Yorkshire Dales National Park Authority gets funding to expand work

Swaledale, by Stephen Garnett. Photo: Yorkshire Dales National Park Authority.

The body responsible for conserving a national park and helping people to enjoy it is on course to self-generate sufficient funding to extend its work, despite rising staff costs and declining Government grants.

A meeting of the Yorkshire Dales National Park Authority’s finance committee will tomorrow (Tuesday, February 12) hear draft budget proposals to support ambitions ranging from improving footpaths to a more proactive approach to enforcing building development rules.

The park authority’s treasurer, Richard Burnett said due to a series of successful bids for external funding the body would be undertaking “substantially more work than we were five years ago”.

Ahead of austerity the park authority had received about 80 per cent of its funding from Government grants, he said, but that had now fallen to about 60 per cent of the authority’s income.

Treasurer Richard Burnett said:  “It looks like we will be achieving a lot of new projects, but we are becoming increasingly reliant on finding one-off grants. It is riskier, but the risks are worthwhile taking.”

He added rising staff costs were among the greatest pressures the park authority was facing, due to needing an increased workforce to take on new projects and salaries rising with the introduction of the Living Wage.

Mr Burnett said while staff salaries were set to rise from 53 per cent of the authority’s income this year to 63 per cent in four years’ time, it was hoped further success in obtaining grants from external sources would overcome potential issues.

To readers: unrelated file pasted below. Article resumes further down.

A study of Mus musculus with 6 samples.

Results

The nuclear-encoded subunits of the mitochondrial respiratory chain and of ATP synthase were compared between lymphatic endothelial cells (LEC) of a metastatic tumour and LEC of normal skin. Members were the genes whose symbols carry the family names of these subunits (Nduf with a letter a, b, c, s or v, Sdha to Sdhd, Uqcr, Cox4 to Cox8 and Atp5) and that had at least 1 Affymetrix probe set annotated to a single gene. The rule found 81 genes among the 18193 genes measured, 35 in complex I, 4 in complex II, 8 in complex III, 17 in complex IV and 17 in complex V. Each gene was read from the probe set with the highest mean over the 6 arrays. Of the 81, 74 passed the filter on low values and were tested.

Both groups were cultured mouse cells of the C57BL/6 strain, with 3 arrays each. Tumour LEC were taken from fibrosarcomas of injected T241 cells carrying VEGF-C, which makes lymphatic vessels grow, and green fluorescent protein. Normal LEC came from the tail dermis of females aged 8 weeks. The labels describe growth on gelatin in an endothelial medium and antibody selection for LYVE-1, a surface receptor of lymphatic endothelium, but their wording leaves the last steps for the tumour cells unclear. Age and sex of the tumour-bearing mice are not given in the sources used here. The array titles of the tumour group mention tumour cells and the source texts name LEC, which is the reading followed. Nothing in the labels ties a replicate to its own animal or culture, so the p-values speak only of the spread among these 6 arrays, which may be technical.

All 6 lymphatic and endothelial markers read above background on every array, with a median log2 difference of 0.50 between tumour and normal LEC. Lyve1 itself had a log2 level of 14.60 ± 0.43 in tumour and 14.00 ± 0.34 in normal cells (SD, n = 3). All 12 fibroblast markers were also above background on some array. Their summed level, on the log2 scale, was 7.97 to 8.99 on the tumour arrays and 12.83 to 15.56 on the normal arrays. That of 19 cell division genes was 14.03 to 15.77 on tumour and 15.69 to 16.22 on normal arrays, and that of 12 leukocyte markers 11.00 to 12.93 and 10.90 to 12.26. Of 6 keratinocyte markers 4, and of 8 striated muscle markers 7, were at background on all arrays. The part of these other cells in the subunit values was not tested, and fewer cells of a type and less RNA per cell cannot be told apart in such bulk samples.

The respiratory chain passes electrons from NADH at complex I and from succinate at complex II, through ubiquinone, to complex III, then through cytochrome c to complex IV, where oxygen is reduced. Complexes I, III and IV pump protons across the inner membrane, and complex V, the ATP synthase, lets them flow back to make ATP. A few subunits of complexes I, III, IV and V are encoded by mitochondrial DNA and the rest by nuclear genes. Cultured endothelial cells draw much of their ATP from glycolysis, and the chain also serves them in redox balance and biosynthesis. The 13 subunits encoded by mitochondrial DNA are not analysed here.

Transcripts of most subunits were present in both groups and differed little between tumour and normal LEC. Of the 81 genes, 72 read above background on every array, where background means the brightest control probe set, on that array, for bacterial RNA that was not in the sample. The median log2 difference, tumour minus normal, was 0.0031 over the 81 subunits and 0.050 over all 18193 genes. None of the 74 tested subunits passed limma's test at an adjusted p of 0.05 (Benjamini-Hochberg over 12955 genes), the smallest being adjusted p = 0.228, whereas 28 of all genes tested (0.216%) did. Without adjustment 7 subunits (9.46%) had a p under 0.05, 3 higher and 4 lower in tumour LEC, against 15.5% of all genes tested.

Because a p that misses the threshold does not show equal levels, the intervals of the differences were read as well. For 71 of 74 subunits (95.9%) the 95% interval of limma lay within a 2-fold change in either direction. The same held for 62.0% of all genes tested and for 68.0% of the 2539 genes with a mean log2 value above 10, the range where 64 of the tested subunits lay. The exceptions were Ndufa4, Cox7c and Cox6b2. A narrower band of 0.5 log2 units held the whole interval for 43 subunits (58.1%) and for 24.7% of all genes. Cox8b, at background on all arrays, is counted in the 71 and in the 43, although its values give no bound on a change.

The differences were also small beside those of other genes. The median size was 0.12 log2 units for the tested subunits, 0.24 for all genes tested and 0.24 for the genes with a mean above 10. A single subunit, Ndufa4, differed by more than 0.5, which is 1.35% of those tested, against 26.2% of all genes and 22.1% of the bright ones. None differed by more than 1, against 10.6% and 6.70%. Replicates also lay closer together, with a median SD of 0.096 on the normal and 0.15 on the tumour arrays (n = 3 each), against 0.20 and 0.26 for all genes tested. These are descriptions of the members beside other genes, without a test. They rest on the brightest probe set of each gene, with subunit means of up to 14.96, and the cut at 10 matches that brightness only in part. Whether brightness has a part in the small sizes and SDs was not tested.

Members will hear the authority’s medium term financial strategy shows the body was on course to fund planned expenditure of up to £8.2m annually.

Key objectives being supported by the budget for the coming year include   developing new, externally-funded, approaches to supporting high-nature value farming, including projects to support natural flood management, ‘payment by results’, and new woodlands.

Other leading features of the budget include a drive for a more proactive monitoring and enforcement of building developments and a focus to improve the condition of footpaths in the new area of the park.

An authority spokesman said another key objective of the budget would be a range of measures to promote understanding of the national park, especially from under-represented groups and to develop opportunities to help people access and enjoy what it has to offer.

The initiative will see work to improve the physical access, such as cycle
routes, learning and engagement activities, and work to secure Dark Skies reserve status for the national park.